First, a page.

The data used in this paper are analyzed with gravity model, which has good characteristics and very stable performance.
Please share your general feedback. You can start or join in a discussion here. Visit emeraldpublishing. Abstract Purpose The purpose of this paper is to examine the export performance of the Republic of Macedonia to its main trading partners from Southeast Europe; hence, the authors focus on the major importing countries which are most present in the Macedonian trade balance.
An analysis of EU wine trade: A gravity model approach | SpringerLink
Comparative advantage in factor endowments would suggest the opposite would occur. The problem has become known as the Leontief paradox. An alternative theory, first proposed by Staffan Linder , predicts that patterns of trade will be determined by the aggregated preferences for goods within countries. Those countries with similar preferences would be expected to develop similar industries. With continued similar demand, these countries would continue to trade back and forth in differentiated but similar goods since both demand and produce similar products.
For instance, both Germany and the United States are industrialized countries with a high preference for automobiles. Both countries have automobile industries, and both trade cars.
The empirical validity of the Linder hypothesis is somewhat unclear. Several studies have found a significant impact of the Linder effect, but others have had weaker results.
Studies that do not support Linder have only counted countries that actually trade; they do not input zero values for the dyads where trade could happen but does not. This has been cited as a possible explanation for their findings. Also, Linder never presented a formal model for his theory, so different studies have tested his hypothesis in different ways. Elhanan Helpman and Paul Krugman asserted that the theory behind comparative advantage does not predict the relationships in the gravity model. Using the gravity model, countries with similar levels of income have been shown to trade more.
Helpman and Krugman see this as evidence that these countries are trading in differentiated goods because of their similarities. This casts some doubt about the impact Heckscher—Ohlin has on the real world.
Deardorff concludes that, considering how many models can be tied to the gravity model equation, it is not useful for evaluating the empirical validity of theories. Bridging economic theory with empirical tests, James Anderson and Jeffrey Bergstrand develop econometric models, grounded in the theories of differentiated goods, which measure the gains from trade liberalizations and the magnitude of the border barriers on trade see Home bias in trade puzzle. A recent synthesis of empirical research using the gravity equations, however, shows that the effect of border barriers on trade is relatively modest.
This model of trade is consistent with the gravity model as it would predict that trade depends on country size.
The reciprocal dumping model has held up to some empirical testing, suggesting that the specialization and differentiated goods models for the gravity equation might not fully explain the gravity equation. Feenstra, Markusen, and Rose provided evidence for reciprocal dumping by assessing the home market effect in separate gravity equations for differentiated and homogeneous goods. The home market effect showed a relationship in the gravity estimation for differentiated goods, but showed the inverse relationship for homogeneous goods. The authors show that this result matches the theoretical predictions of reciprocal dumping playing a role in homogeneous markets.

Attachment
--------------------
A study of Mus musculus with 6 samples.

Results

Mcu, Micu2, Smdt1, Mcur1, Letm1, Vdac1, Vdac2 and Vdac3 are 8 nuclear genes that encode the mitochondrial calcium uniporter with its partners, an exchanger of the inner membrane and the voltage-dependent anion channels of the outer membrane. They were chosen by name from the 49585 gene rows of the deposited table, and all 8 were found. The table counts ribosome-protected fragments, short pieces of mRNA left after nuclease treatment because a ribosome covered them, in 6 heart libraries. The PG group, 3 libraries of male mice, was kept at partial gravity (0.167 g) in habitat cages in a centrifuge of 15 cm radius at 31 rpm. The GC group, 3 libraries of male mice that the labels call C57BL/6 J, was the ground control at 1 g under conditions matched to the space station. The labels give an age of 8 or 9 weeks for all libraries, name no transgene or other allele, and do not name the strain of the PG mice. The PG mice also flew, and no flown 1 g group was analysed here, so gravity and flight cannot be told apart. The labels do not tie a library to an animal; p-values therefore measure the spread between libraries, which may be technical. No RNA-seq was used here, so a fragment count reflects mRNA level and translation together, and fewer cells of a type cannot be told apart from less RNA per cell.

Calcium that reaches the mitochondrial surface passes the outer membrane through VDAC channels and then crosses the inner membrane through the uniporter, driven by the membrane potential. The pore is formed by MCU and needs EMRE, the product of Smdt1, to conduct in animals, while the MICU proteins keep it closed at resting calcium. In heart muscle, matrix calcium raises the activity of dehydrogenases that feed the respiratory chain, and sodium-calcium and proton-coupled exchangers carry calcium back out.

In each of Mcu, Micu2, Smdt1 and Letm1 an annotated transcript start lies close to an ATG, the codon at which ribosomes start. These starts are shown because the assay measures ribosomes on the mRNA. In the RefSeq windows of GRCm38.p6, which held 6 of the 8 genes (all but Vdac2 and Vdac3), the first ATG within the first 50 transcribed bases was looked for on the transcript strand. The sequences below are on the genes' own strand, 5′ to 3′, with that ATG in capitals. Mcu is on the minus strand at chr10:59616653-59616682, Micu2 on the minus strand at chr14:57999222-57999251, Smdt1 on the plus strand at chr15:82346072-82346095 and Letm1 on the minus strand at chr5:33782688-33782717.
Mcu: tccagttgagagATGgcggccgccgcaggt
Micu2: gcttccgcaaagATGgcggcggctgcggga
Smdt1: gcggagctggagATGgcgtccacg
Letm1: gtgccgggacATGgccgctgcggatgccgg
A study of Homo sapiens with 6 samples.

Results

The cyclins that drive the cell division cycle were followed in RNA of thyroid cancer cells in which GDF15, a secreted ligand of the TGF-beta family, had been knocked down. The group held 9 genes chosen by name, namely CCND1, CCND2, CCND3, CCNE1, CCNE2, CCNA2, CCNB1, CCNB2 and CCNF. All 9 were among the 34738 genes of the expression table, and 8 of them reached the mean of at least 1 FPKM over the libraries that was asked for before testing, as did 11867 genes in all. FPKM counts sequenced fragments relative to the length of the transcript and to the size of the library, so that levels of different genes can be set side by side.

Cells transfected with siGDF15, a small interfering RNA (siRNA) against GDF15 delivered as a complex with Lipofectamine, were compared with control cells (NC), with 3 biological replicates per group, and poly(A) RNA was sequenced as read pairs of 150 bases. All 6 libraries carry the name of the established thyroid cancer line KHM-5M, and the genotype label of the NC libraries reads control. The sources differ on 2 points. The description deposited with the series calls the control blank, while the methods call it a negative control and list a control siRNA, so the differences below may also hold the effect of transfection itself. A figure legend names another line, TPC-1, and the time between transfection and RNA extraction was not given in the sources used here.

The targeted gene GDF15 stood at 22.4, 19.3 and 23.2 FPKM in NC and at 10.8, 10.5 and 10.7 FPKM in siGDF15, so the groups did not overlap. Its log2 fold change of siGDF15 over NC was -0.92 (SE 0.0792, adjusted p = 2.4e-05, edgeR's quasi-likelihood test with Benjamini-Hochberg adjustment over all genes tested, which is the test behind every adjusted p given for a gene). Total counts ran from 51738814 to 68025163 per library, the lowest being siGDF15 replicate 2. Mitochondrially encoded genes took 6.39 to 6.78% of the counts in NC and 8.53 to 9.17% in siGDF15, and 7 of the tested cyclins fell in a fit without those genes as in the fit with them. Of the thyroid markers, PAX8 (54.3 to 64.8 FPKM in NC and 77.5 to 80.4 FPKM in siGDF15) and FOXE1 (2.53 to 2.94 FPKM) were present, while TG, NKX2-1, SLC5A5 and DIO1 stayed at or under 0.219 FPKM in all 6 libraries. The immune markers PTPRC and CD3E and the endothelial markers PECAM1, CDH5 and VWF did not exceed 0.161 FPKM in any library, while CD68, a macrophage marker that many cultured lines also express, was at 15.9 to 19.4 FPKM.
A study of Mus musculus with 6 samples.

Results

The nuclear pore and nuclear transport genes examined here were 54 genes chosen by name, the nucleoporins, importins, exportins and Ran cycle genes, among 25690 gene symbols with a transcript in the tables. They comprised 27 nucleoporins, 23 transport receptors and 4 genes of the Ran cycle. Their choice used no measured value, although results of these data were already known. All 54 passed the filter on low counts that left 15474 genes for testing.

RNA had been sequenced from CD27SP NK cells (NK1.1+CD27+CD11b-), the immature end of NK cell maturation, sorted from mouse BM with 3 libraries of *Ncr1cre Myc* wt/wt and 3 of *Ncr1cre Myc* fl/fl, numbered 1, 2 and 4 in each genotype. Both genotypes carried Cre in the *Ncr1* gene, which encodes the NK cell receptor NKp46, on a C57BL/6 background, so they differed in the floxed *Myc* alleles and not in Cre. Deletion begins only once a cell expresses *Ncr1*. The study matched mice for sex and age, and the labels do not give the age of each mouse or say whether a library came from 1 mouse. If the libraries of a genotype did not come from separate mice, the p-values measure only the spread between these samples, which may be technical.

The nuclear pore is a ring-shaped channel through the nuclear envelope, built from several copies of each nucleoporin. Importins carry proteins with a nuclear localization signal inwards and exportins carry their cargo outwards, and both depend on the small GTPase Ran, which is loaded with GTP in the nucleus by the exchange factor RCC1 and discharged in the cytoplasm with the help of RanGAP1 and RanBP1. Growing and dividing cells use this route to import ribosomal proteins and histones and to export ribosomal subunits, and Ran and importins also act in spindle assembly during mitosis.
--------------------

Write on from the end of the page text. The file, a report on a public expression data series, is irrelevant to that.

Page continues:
Past research using the gravity model has also sought to evaluate the impact of various variables in addition to the basic gravity equation. Among these, price level and exchange rate variables have been shown to have a relationship in the gravity model that accounts for a significant amount of the variance not explained by the basic gravity equation.
According to empirical results on price level, the effect of price level varies according to the relationship being examined. For instance, if exports are being examined, a relatively high price level on the part of the importer would be expected to increase trade with that country.
Macedonia’s exports toward Southeast Europe through the gravity model
A non-linear system of equations are used by Anderson and van Wincoop to account for the endogenous change in these price terms from trade liberalization. Since the gravity model for trade does not hold exactly, in econometric applications it is customary to specify. However, this approach has two major problems. Second, Santos Silva and Tenreyro argued that estimating the log-linearized equation by least squares OLS can lead to significant biases.
As an alternative, these authors have suggested that the model should be estimated in its multiplicative form, i. This is despite the fact that simpler methods, such as taking simple averages of trade shares of countries with and without former colonial ties suggest that countries with former colonial ties continue to trade more.
Santos Silva and Tenreyro did not explain where their result came from and even failed to realize their results were highly anomalous. Martin and Pham argued that using PPML on gravity severely biases estimates when zero trade flows are frequent. In applied work, the model is often extended by including variables to account for language relationships, tariffs, contiguity, access to sea, colonial history, and exchange rate regimes.
Yet the estimation of structural gravity, based on Anderson and van Wincoop , requires the inclusion of importer and exporter fixed effects, thus limiting the gravity analysis to bilateral trade costs Baldwin and Taglioni From Wikipedia, the free encyclopedia. Quarterly Journal of Economics.